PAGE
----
The city of Kuala Lumpur is a fantastic place to admire the more modern architecture found in Malaysia, and in particular, the contemporary skyscrapers that create one of Asia’s most iconic skylines. If possible, take time to see the Petronas Twin Towers in the district known as the Golden Triangle. Once the tallest buildings in the world, and now connected by a sky bridge, the Petronas Twin Towers are just a short walk from other incredible structures like the KL Tower and its viewing deck.
Malaysia has been influenced and colonized by cultures from around the globe. Proximity to China means that Malaysia is home to excellent Chinese cuisine and vibrant heritage. You can experience this influence first hand by exploring one of the Chinatowns in Malaysia, the largest of which is in George Town. In this Chinatown, you can see a 200-year-old Kuan Yin Teng Temple or indulge in the local street fare. Don’t miss dining at one of the local dim sum restaurants or trying the hot egg waffles sold from vendors right on the street.
With Malaysia’s long colonial history, it boasts an array of colonial architecture. If you’re interested in this blast from the past, there can be no better spot to visit than Melaka. The city has been ruled by the British, the Dutch and the Portuguese, and its architecture reflects that. Just some of the buildings you can explore include the ruins of a 16th-century Portuguese fortress, the oldest Protestant church in Malaysia and the Stadthuys Town Hall, which still stands as the oldest as well as the largest Dutch colonial building in the region.
In Sarawak, on the island of Borneo, is Gunung Mulu, National Park. This park has a history dating back for more than 3,000 years, and it is best known for its incredible caverns. On guided tours, you can explore Turtle Cave, the so-called Garden of Eden or the Wind Caves, all of which are in the park. Some caves require you to bring flashlights and rappel, but others are simple strolls in incredible environments. If you’re staying closer to Kuala Lumpur, you can set off on a day trip to the Batu Caves, which are made from limestone and offer some challenging hikes as well as amazing scenery.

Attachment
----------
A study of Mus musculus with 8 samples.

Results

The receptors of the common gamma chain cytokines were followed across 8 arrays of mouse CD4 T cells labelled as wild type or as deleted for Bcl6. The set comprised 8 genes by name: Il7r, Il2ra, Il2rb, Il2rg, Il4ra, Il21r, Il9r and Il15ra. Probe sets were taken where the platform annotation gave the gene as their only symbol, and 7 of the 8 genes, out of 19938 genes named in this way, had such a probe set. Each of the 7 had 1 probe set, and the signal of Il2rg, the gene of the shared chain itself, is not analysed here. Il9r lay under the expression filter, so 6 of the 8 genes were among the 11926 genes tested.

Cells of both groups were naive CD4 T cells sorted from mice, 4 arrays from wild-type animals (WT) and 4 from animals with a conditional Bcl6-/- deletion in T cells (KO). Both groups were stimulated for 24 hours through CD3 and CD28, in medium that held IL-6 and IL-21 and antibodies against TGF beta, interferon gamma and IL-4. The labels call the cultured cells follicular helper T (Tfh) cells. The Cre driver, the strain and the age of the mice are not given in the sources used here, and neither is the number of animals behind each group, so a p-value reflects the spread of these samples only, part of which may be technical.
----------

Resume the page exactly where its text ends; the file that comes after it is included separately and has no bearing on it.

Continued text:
Perhaps the most fascinating aspect of Malaysia is its diverse culture. In addition to colonial influences, there is a mixture of Asian cultures present in the country. Malays make up approximately half of the population, Chinese make up roughly one quarter and there is a strong Indian community. In addition, the Orang Asli people, a group indigenous to Malaysia, still makes up 12 percent of the population. These groups live together harmoniously in Malaysia and give the country its vibrant culture and heritage.
Beaches & Islands
Malaysia is a tropical country with a warm climate and miles of coastline, so it should come as no surprise that beaches are plentiful. While there are excellent beaches on the mainland, it is Malaysia’s islands that are the most popular for beach lovers. Langkawi is the ultimate spot for a relaxing beach vacation, complete with shopping and dining. If you’re after a more secluded, less touristy getaway, Redang is a pristine island that also serves as a turtle sanctuary.
The tea industry has long been a part of development and trade in Malaysia, particularly in areas like the Cameron Highlands. There, near the highest point of the country, temperatures are cool enough for tea plantations. In the Cameron Highlands, you can take a guided tour of the nation’s largest tea company, hike through the plantation itself or sip local teas at some of the smaller plantations in the vicinity.